Got Kids?

Feb 11, 09 Got Kids?

J is at the age where exposure is key. As I learn more about his interests, I further adjust my budget in order to engage them. When J developed an apathetic attitude towards tae kwon do after 2 years, I deleted that line item from my budget spreadsheet.

My investment had already appreciated in the forms of discipline and focus. And although I’d miss how cute he looked in his gi, the funds should be allocated to an activity that he actually enjoyed.

The new activity: tee-ball. Even as I’ve witnessed his running from 3rd base to the dugout (perhaps he felt as if the “run” was inevitable), I knew he’d found his niche. I live for the games when both teams chase after a free ball or when the players practice impressive slides into home plate without ANY threat of not scoring in sight.

I have also found, within these 7 years, that J thrives off of “right brain” activity…much like me. Drawing, building, performing parachuting experiments with paper men and plastic shopping bags, and his new extracurricular drama class (another line item) actually win over episodes of Sponge Bob. Tough competition, you say? I wondered how I could further cultivate this interest without my budget absorbing a major blow.

During my daily Google, I discovered free parent-child art classes at the local visual arts center. You just can’t beat FREE in almost any situation. Last Saturday morning, J (enticed by the knitted monster toy strategically-placed near the sign-up sheet) chose knitting as his first class.

Amongst all of the subjects to choose from, I was shocked. But once he realized that we wouldn’t actually make that project, his level of interest headed in the same direction as my 401K.

His knitting needles became drumsticks, his bright red yarn rolled across the floor in chaotic patterns, and his attention diverted to the odd machines around the room. Needless to say, we’ll be attempting batik next Saturday but I DID come away with a neat knit stitch technique…my spring line of shrugs coming soon. You just can’t beat FREE classes and granola bars, whatever the outcome.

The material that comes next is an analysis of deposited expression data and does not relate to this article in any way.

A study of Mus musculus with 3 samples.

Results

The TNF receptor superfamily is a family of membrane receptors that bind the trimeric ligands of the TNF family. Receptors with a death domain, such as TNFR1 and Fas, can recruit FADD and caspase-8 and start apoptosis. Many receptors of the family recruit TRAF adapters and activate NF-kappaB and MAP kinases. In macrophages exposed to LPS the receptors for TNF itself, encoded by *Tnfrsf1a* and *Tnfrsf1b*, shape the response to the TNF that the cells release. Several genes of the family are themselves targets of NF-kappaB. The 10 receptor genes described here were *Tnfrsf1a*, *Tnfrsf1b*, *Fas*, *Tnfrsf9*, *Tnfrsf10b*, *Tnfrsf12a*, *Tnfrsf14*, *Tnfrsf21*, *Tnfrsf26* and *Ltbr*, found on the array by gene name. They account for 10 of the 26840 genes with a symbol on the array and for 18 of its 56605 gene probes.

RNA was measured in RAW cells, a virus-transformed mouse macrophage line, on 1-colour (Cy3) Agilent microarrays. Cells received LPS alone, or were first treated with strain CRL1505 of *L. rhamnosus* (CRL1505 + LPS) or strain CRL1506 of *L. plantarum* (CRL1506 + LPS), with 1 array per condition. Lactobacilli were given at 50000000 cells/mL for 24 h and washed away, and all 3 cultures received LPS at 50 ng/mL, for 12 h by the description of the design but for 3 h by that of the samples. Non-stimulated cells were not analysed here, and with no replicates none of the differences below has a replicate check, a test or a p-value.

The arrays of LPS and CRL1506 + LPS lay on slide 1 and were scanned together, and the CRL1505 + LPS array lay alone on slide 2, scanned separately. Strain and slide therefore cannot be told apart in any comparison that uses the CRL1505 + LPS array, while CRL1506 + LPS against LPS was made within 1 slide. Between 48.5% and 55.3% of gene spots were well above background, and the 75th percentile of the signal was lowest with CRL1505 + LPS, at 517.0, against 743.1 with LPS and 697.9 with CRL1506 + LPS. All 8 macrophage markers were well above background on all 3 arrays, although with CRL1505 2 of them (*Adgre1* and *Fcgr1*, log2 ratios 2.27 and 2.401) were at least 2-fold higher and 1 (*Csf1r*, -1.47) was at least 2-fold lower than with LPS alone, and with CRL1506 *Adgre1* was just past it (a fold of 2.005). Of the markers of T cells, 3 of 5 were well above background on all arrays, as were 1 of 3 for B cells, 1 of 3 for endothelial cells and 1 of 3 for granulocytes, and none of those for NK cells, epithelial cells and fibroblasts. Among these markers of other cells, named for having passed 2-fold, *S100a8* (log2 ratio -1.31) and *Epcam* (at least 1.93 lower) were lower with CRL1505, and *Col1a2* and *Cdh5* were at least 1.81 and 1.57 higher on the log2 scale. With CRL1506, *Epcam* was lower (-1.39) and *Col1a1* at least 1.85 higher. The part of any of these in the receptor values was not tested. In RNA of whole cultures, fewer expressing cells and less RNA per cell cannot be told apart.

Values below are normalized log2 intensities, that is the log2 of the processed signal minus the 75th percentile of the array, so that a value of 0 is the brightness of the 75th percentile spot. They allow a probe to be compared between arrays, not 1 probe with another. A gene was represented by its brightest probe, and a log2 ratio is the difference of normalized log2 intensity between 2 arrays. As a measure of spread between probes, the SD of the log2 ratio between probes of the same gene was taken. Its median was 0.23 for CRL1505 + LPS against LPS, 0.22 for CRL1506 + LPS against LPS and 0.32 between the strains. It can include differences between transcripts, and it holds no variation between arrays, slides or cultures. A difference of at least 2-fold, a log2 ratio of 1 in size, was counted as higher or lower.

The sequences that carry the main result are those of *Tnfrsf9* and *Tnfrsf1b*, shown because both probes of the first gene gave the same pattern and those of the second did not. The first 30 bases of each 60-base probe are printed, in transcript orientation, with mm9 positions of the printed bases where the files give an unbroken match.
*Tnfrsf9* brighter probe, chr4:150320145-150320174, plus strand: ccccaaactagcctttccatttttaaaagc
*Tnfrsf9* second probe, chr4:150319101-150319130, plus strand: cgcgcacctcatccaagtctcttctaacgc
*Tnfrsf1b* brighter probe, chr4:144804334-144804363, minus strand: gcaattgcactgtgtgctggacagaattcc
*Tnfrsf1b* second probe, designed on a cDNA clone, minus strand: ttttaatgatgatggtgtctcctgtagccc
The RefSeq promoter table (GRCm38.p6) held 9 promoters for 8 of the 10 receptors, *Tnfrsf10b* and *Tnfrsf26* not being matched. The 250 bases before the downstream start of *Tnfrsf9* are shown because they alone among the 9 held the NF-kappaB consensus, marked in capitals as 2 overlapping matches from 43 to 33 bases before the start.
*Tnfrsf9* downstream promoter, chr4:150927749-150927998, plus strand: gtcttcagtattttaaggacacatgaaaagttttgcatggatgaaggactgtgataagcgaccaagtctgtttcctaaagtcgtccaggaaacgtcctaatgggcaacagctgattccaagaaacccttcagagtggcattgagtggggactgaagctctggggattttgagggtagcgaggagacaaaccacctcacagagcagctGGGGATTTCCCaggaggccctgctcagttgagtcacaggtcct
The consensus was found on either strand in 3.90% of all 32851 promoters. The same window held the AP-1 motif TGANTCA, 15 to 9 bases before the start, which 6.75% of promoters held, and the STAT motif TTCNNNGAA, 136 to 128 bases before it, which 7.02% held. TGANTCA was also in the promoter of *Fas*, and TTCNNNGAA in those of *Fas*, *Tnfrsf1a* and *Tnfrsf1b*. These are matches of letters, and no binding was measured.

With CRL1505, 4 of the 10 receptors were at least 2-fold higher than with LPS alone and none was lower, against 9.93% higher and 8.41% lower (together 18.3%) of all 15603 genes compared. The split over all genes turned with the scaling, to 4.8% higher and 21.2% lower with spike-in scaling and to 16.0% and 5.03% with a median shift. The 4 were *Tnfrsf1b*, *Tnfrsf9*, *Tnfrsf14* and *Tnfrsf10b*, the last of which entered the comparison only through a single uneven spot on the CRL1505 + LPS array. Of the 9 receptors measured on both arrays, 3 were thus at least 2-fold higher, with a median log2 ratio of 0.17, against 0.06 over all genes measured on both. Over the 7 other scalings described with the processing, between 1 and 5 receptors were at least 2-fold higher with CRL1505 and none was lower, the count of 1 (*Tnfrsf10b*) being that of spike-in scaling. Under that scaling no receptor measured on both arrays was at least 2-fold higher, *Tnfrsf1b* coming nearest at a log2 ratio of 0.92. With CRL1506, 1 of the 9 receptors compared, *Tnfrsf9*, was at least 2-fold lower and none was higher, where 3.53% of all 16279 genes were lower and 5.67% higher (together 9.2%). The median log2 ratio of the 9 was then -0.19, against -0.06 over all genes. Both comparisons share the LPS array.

Afterwards, we went letterboxing with friends at a local park. We walked around for an hour but couldn’t find the box. However, J has a homing device that detects other same-aged children and monkey bars. To the playground, we went. I noticed that when he reached the exit of the spiral tube slide, he would roll around in the sand for dramatic effect, akin to his friends’ well-timed, home plate one-legged, toe taps.

As he called out to me, with sand in his hair and a grin from ear to ear, I reluctantly joined him. Before I knew it, I was performing kamikaze slides down the tube and tumbling in the sand with the rest of the playground thespians. In my unbiased opinion, I had THE best landings and will accept my Oscar unabashedly.

In the end, I’d actually received much more than anticipated…for free, no less. My time is often spent monitoring investments, massaging spreadsheets, bellyaching over the housing market, and wondering if The Prez is going to call another office-wide meeting.

Methods of decompression have often fallen by the wayside. But certainly, stress release needs its own line item. Can you imagine a better way than getting a little sand in your hair? After all, a child’s spirit is recession-proof.

S. TAE


  1. Thank you for so poignantly reminding us that this recession is not merely about dollars and cents. I am sure that many people will find inspiration in the clever ways you circumvent tougher economic conditions.